Master of crazy-songs lets the crazy master her
Legend has it that Nina Nastasia has never bought a record in her life. Whether or not this is true is irrelevant; like most myths, it highlights an important truth beyond itself—in this case, that the singer/songwriter is practically incomparable to anyone else making music today. She’s been compared to everyone from Leonard Cohen to PJ Harvey, but nothing quite fits.
Nastasia’s first few albums were thoroughly disconcerting, both musically and lyrically. On her 2000 debut Dogs and her much-lauded 2003 release Run to Ruin, she dealt heavily in alienation and paranoia—and while this was certainly nothing new in the songwriter-slinging-a-guitar world, she carried these ideas out to their logical conclusion—musical schizophrenia. On both albums, Nastasia dragged her hapless listeners through the same emotions she sang about, employing minor-key piano crashes, wavering bowed-saw whines and string melodies meandering through her lyrics. Producer Steve Albini, who’s helmed all of her albums, captured every crack and tremor in her thin voice, adding to the feeling that Nastasia was powerless in the face of the terror she detailed; it’s impossible to settle into a groove and listen passively.
And while her stream-of-consciousness aesthetic was similar to Harvey’s (especially on Polly Jean’s 1993 album Rid of Me, also produced by Albini), the bleakness running through Nastasia’s early albums was subtler and more nuanced. Harvey’s growling demands of “Lick my legs, I’m on fire” and “Rub it ’till it bleeds” over cacophonous electric crashes would have no place in Dogs’ nursery-rhyme tinted universe, full of saddle shoes and sandboxes and wishing wells. And that’s what makes Nastasia’s earlier creations so appealing. She dealt in the domestic and familiar, which made her dark vein of creeping paranoia all the more intriguing. When she suddenly belted “Parachute me down, to that cold, cold undergound” you wanted nothing more than to follow her.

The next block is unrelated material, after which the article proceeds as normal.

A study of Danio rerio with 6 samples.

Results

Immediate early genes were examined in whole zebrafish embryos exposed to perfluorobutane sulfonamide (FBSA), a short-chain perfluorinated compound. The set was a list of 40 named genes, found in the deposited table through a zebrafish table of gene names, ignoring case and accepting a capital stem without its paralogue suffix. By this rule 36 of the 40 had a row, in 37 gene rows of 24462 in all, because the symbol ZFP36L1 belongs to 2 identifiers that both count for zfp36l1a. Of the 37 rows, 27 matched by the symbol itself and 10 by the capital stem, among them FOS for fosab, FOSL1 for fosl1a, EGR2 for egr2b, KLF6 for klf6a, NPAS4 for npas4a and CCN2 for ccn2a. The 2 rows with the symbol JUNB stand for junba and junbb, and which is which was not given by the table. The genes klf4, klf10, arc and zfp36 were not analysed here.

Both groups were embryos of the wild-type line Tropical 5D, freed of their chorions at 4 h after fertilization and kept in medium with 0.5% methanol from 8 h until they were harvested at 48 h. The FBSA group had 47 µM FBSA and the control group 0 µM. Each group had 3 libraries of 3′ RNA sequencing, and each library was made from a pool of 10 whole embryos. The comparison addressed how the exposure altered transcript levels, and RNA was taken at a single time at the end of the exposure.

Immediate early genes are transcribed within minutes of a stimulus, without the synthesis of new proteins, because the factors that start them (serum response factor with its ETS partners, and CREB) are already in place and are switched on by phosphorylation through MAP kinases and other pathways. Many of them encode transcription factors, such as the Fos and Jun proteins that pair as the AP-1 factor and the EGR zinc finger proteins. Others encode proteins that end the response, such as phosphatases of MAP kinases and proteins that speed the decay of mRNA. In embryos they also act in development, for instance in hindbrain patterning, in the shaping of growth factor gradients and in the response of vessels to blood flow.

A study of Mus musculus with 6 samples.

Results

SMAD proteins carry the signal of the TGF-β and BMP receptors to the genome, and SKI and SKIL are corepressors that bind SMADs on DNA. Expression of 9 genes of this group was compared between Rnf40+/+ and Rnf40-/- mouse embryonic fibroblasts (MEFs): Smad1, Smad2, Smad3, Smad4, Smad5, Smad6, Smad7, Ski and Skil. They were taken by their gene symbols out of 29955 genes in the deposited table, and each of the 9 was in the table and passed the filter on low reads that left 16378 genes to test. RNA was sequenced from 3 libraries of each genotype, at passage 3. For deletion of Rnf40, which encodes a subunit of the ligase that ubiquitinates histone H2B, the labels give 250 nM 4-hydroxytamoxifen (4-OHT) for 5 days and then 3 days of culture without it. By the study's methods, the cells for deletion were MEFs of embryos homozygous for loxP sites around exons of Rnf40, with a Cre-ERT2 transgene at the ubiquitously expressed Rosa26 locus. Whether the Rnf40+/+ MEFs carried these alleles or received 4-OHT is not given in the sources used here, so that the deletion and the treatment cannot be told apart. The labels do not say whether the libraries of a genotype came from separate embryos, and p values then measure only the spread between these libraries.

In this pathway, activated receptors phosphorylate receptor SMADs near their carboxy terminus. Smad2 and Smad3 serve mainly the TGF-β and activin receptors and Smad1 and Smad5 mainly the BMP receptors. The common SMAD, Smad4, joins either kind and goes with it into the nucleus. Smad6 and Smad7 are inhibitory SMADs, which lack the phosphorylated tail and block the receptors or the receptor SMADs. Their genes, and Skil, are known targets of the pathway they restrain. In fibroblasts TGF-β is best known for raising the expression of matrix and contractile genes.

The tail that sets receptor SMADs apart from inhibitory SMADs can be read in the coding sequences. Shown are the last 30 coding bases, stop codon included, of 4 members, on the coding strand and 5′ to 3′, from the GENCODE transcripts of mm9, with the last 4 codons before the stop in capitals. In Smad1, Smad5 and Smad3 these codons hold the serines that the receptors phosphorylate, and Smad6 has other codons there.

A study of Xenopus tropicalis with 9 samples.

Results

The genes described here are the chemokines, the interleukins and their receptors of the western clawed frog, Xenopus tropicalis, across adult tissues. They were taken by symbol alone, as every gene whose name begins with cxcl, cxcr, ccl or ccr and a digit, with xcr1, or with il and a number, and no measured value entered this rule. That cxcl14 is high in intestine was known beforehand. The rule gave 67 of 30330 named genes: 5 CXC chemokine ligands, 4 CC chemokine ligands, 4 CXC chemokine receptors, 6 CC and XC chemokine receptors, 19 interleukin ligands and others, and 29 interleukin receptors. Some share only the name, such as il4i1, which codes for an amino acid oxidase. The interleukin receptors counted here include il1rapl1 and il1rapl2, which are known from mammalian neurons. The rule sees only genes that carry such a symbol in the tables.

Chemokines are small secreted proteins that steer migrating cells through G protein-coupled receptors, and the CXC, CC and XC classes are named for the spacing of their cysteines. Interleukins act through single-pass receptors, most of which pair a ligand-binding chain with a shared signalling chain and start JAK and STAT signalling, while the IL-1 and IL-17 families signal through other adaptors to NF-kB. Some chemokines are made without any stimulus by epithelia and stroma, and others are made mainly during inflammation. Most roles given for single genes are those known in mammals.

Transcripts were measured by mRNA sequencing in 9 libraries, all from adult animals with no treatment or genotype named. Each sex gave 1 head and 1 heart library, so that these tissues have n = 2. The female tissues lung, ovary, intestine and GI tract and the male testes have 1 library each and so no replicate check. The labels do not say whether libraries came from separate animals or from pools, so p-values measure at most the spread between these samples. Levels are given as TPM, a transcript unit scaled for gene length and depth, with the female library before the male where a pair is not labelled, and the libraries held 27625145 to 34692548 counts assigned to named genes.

This crawling darkness died down on 2006’s On Leaving, as Nastasia strummed out lyrics about road tripping and picnicking by lakes; even the haunting “Counting Up Your Bones” dreamily circled a simple chorus. Discontent bubbled below the surface of “Treehouse Song” in a few quick minor piano chords and some ominous drum flourishes, but it seemed that Nastasia’s demons had at last settled down and started taking their meds. But on Outlaster, her new album, they’re back in full force.
It’s one thing to craft each song around the idea of discomfort. It’s another to make an album so jarring that it feels bipolar. Simple opener “Cry, Cry, Baby” harks back to On Leaving; it’s tear-soaked enough with its repetitive lament of “You’re my own true love / and I know I can’t change,” but the riffs are balanced and the cellos, while melodramatic, are tethered to the overall melody. Things get weirdly stable on “Moves Away,” in which Nastasia sings that now there are “no peely cracks in the walls” or “terror in the sky,” her voice melting into the screechy sing-song question of “How long can you last?”
Two tracks later comes “What’s Out There,” the most paranoid (and downright terrifying—I locked all my doors while listening to it) song of her career. It’s a nonsensical, claustrophobic rant in which the familiar domesticity of “a wall, a window, a natty garden turning hotly in the heat” melts away to reveal something “creeping and green, wild and unseen.” Every kind of diagnosable neurosis runs wild on this four-minute mess. “Is there anyone like me?” Nastasia pleads, before turning to dystopian horror. “I’d put a mask on before the atmosphere out there could kill me.” Meanwhile, violent plucking and orchestral swells push and pull the melody like a churning rip-tide, dying out around the halfway mark as violin squeaks and ambient plinks and taps take over the music like thousands of scaly, suction-toed creatures swarming the narrator’s tiny shelter and squirming their way through the cracks. Fittingly, the song ends with violence: “Oh window, window, I have to smash you out.” It could hardly be more over-the-top if she screamed Harvey’s refrain of “Rub it ‘til it bleeds!”
Though Outlaster certainly has some beautiful singles (“You’re A Holy Man” and the title track, especially) the album stretches too far in either direction; trying to encompass both naïve optimism and full-on straightjacket crazy. Maybe Nastasia’s gotten tired of her nuanced tales, or maybe this album is an even more post-modern take on the real effects of mental imbalance over time—ambivalence and exhaustion.